Former Detroit Lions running back and return specialist Wallace “Wally” Triplett III passed away today at the age of 92.
In a statement released by the Detroit Lions, the team praised Triplett as “one of the true trailblazers in American sports history. He resides among the great men who helped reshape the game as they faced the challenges of segregation and discrimination.”
From Detroit Lions:
STATEMENT FROM THE DETROIT LIONS:
“As the first African-American to be drafted and to play in the National Football League, Wally is one of the true trailblazers in American sports history. He resides among the great men who helped reshape the game as they faced the challenges of segregation and discrimination.
“His contributions date back to his days at Penn State as the Nittany Lions’ first African-American starter and varsity letter-winner, highlighted by his appearance in the first integrated Cotton Bowl.
“Wally’s legacy also reaches beyond breaking color barriers, having served in the United States Army during the Korean War.
“We fondly reflect on his great achievements and send our heartfelt condolences to the Triplett family.”
— Detroit Lions (@Lions) November 8, 2018
Wally Triplett was selected by the Lions in the 19th round of the 1949 NFL draft. Triplett was just the third African American player to be drafted into the NFL and the first of the players to see playing time.
Wally Triplett played two seasons with the Detriot Lions. During his rookie season, Triplett recorded an 80-yard touchdown against the Green Bay Packers that set the Lions’ record for the longest run from scrimmage at the time.
His most impressive game, however, was on October 29th, 1950 against the Los Angeles Rams. During the game, Triplett set a Lions’ single-game record for kickoff return yards with 294 yards on four kickoff returns. Triplett’s single-game record lasted an NFL-best 44 seasons before it was broken in 1994. The record-setting performance included a 97-yard return for a touchdown and a kickoff return average of 73.5 yards which is still an NFL single-game record.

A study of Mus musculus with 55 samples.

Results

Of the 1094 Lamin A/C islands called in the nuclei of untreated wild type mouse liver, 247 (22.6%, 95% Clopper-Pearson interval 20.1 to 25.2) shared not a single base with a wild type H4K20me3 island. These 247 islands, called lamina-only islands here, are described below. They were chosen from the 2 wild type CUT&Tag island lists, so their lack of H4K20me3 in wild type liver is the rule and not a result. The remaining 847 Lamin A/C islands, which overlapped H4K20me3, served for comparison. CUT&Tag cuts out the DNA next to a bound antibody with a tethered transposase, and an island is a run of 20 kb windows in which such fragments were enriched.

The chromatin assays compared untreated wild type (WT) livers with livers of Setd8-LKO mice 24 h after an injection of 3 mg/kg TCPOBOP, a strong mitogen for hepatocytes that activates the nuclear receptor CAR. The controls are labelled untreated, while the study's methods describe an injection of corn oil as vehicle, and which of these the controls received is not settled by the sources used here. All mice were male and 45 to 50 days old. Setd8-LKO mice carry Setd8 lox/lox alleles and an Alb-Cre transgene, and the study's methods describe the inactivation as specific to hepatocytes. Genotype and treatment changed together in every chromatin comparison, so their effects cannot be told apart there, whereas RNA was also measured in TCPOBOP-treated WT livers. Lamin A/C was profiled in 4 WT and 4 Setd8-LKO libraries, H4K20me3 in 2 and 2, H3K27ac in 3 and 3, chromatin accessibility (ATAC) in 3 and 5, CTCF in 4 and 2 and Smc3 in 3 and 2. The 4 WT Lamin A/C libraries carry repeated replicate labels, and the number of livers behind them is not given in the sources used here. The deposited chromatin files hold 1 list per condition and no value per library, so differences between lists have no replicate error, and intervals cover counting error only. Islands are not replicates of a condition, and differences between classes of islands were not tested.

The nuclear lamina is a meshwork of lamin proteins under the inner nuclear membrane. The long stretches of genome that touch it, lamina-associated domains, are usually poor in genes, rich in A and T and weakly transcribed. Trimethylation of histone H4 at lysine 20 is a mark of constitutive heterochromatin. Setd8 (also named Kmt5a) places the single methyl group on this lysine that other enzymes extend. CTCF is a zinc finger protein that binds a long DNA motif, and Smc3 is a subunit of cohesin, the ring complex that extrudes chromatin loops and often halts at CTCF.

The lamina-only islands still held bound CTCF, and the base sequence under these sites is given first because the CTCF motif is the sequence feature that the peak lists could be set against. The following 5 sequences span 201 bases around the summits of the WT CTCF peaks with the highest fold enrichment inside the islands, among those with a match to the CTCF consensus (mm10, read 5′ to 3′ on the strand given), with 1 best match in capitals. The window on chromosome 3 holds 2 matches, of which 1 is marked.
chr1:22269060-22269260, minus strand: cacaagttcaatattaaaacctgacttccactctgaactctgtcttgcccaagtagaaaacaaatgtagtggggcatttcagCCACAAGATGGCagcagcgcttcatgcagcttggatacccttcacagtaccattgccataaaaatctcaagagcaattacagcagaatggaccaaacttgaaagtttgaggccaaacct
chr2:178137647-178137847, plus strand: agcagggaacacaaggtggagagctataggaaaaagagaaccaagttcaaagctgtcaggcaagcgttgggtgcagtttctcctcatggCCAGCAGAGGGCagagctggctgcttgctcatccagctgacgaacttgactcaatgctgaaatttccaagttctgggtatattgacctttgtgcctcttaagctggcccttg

A few weeks after the incredible game, Wally Triplett was drafted into the US Army and he served two years during the Korean War. Following his return from active duty, Triplett was traded from the Lions to the then Chicago Cardinals. Wally Triplett retired from professional football in 1953.
Wally Triplett also had an important impact on college football. Triplett and former teammate Dennie Hoggard were the first African Americans to take the field in a varsity football game for Penn State in 1945.
In 1946, Penn State was scheduled to play the University of Miami, which at the time was a segregated school. Miami did not allow African American athletes to play with white athletes, and it was common for visiting teams to leave their African American players at home. After a team vote, the Nittany Lions decided to cancel the regular-season game rather than not bring their African American players.
Wally Triplett and Dennie Hoggard made history again in 1948 when the two Penn State juniors became the first African Americans to play in the Cotton Bowl. Triplett left his mark on the game catching the game-tying touchdown in Penn State’s 13-13 tie with Southern Methodist University.